Cover: Identifying Key Workplace Stressors Affecting Twentieth Air Force

Identifying Key Workplace Stressors Affecting Twentieth Air Force

Analyses Conducted from December 2012 Through February 2013

Published Dec 23, 2015

by Chaitra M. Hardison, Carl Rhodes, Jacqueline A. Mauro, Lindsay Daugherty, Erin Gerbec, Craig Ramsey



  1. What are some potential sources of the problem behaviors within 20 AF?
  2. What could the Air Force do immediately to reduce or mitigate the problems?
  3. What continuing investigation is needed?

In November 2012, the commander of 20th Air Force asked the Chief of Staff of the Air Force for assistance in identifying ways to mitigate concerns about job stress and dissatisfaction among personnel in the intercontinental ballistic missile (ICBM) community. The Chief of Staff asked RAND Project AIR FORCE (PAF) to look into these concerns and provide recommendations to the Air Force in 90 days.

Anecdotal concerns about these issues had long circulated within the ICBM community. There was also evidence of higher rates of problem behaviors within the ranks of the 20th Air Force (20 AF), which operates the nation's ICBM arsenal, than in the broader Air Force. Researchers reviewed the relevant literature and existing data on 20 AF and the Air Force overall; they also conducted a series of focus groups with 20 AF personnel and their spouses, including brief questionnaires. Researchers found that Airmen rated their jobs as stressful but also had an array of specific concerns, in particular about staffing levels, leadership styles, and organizational culture. Airmen also raised concerns about equipment issues and the ICBM lifestyle; for example, many Airmen and their spouses expressed unhappiness with the relative isolation of the bases and the further isolation of being on duty at missile alert facilities, which they considered comparable to deployment.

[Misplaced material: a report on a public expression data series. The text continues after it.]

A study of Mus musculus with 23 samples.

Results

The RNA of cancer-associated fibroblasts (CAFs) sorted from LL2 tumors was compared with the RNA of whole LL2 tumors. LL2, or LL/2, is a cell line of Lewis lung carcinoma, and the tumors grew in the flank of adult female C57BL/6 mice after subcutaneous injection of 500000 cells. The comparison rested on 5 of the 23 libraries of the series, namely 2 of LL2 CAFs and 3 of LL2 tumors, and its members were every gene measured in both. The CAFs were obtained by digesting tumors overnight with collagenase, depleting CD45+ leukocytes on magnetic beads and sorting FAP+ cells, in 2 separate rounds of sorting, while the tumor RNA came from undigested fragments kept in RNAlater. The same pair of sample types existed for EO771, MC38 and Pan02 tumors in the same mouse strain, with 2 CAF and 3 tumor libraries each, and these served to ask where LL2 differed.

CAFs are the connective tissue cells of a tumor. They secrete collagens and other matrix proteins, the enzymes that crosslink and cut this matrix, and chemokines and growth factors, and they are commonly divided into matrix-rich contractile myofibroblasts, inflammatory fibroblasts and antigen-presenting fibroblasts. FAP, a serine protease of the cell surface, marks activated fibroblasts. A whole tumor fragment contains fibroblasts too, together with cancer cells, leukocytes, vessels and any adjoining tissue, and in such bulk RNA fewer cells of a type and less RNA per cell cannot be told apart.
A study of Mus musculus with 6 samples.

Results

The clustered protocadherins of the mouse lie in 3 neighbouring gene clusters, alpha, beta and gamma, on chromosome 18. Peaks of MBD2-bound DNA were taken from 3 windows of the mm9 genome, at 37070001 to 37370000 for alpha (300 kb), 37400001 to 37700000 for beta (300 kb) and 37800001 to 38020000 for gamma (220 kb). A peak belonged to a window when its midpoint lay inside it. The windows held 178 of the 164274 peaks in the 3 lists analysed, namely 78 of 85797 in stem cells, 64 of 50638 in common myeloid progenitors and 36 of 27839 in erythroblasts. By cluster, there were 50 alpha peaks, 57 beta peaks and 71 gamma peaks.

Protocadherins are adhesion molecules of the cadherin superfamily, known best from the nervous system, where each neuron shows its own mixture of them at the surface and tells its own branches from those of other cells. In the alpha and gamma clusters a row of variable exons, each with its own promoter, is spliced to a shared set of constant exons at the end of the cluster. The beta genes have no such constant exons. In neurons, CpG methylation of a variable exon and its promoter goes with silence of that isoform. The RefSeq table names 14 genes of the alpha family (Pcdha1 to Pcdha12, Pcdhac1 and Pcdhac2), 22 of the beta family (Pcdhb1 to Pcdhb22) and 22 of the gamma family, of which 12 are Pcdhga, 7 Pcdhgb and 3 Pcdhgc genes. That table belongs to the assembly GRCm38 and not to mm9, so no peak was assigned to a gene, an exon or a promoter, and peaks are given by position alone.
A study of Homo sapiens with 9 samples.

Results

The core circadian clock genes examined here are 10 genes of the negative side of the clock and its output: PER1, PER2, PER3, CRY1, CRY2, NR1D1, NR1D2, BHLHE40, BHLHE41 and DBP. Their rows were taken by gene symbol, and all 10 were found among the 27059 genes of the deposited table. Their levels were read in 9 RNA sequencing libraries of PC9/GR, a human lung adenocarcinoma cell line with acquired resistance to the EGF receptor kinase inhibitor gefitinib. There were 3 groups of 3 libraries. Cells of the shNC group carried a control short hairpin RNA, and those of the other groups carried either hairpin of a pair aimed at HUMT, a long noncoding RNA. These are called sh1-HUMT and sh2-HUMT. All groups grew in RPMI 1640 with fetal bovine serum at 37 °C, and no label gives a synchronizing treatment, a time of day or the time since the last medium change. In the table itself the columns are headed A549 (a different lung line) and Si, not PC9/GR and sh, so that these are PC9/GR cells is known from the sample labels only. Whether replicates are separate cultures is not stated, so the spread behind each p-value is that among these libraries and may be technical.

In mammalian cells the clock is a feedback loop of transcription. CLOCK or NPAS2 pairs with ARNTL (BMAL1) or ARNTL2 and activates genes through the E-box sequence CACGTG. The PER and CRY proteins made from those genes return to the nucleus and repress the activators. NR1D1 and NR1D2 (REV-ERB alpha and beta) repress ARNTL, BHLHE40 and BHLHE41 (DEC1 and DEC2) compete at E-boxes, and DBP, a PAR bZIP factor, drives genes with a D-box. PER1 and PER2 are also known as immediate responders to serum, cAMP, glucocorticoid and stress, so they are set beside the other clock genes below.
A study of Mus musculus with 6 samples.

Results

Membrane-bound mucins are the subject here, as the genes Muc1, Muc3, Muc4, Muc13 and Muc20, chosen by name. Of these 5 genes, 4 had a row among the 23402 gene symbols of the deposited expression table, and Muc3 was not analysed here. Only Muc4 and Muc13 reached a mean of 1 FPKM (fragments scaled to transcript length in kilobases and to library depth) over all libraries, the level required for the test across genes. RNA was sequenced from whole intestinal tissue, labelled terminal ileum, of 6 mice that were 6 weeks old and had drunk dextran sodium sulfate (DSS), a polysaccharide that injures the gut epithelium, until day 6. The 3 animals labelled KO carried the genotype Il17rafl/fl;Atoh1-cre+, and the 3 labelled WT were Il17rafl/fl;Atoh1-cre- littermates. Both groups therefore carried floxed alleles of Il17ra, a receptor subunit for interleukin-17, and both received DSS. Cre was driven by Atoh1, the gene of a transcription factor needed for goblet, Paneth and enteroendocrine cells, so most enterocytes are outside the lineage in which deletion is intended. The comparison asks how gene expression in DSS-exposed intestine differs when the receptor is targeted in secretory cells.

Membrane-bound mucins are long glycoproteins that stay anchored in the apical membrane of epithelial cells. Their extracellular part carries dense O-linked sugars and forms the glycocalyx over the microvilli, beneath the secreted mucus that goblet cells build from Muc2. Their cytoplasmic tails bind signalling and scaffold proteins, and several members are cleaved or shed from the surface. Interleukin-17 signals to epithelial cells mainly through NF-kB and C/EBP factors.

This research was conducted between December 2012 and February 2013, with findings and recommendations reported to Air Force leadership soon after. Since that time, the Air Force has addressed many of the concerns expressed in this report, including changes that align with several of the report's recommendations.

Key Findings

Some Rates of Problem Behaviors Are Higher

  • Some problem behaviors appear to be more common in the ICBM community than in the Air Force overall, including sexual assault, child maltreatment, and partner physical maltreatment.
  • Stress and negative attitudes toward the job are two examples of precursors to problem behaviors.

ICBM Job Incumbents Find Their Jobs Stressful

  • In all but two of the career field groups (junior-level maintainers and facility managers), participants perceived their jobs to be more than moderately stressful.
  • On average, the participants in three career field groups (chefs, operators, and junior-level security forces) were experiencing job burnout.

Manning and Cultural Issues Are Leading Concerns About the Job

  • Nearly all participants believed they worked more hours than most Airmen, and nearly all career fields agreed or strongly agreed that they were understaffed.
  • Many commented that leadership is not listening to or does not fully appreciate or understand their concerns.
  • Other key concerns were the ICBM lifestyle, working conditions, career progression, and being away from home for extended periods.

Some Potential Remedies Emerged

  • The strongest levels of endorsement were for better equipment, more recognition from leadership and the rest of the Air Force, more opportunities for advancement, and better upkeep of base and missile facilities.
  • Enlisted security forces, the facility managers, and the spouses endorsed better services and support for families.


  • Address concerns identified by the ICBM community: Make Air Force specialty--specific changes; address manpower concerns; improve leadership styles and organizational culture in the ICBM community; provide incentives and rewards for ICBM service and modify assignment policies; and improve base services.
  • Check for unintended consequences that might occur as a result of efforts to address community concerns. Identify other obstacles that could conflict with the success of these efforts.
  • Additional analyses should control for other factors that might affect the data on problem behaviors, such as demographics.
  • Develop a larger, recurring survey to confirm (or disconfirm) perceived problems discussed here and to track changes in perceptions over time.

Research conducted by

This research was jointly sponsored by commander of 20th Air Force (20 AF), and the Deputy Chief of Staff for Manpower, Personnel and Services and conducted by RAND Project AIR FORCE.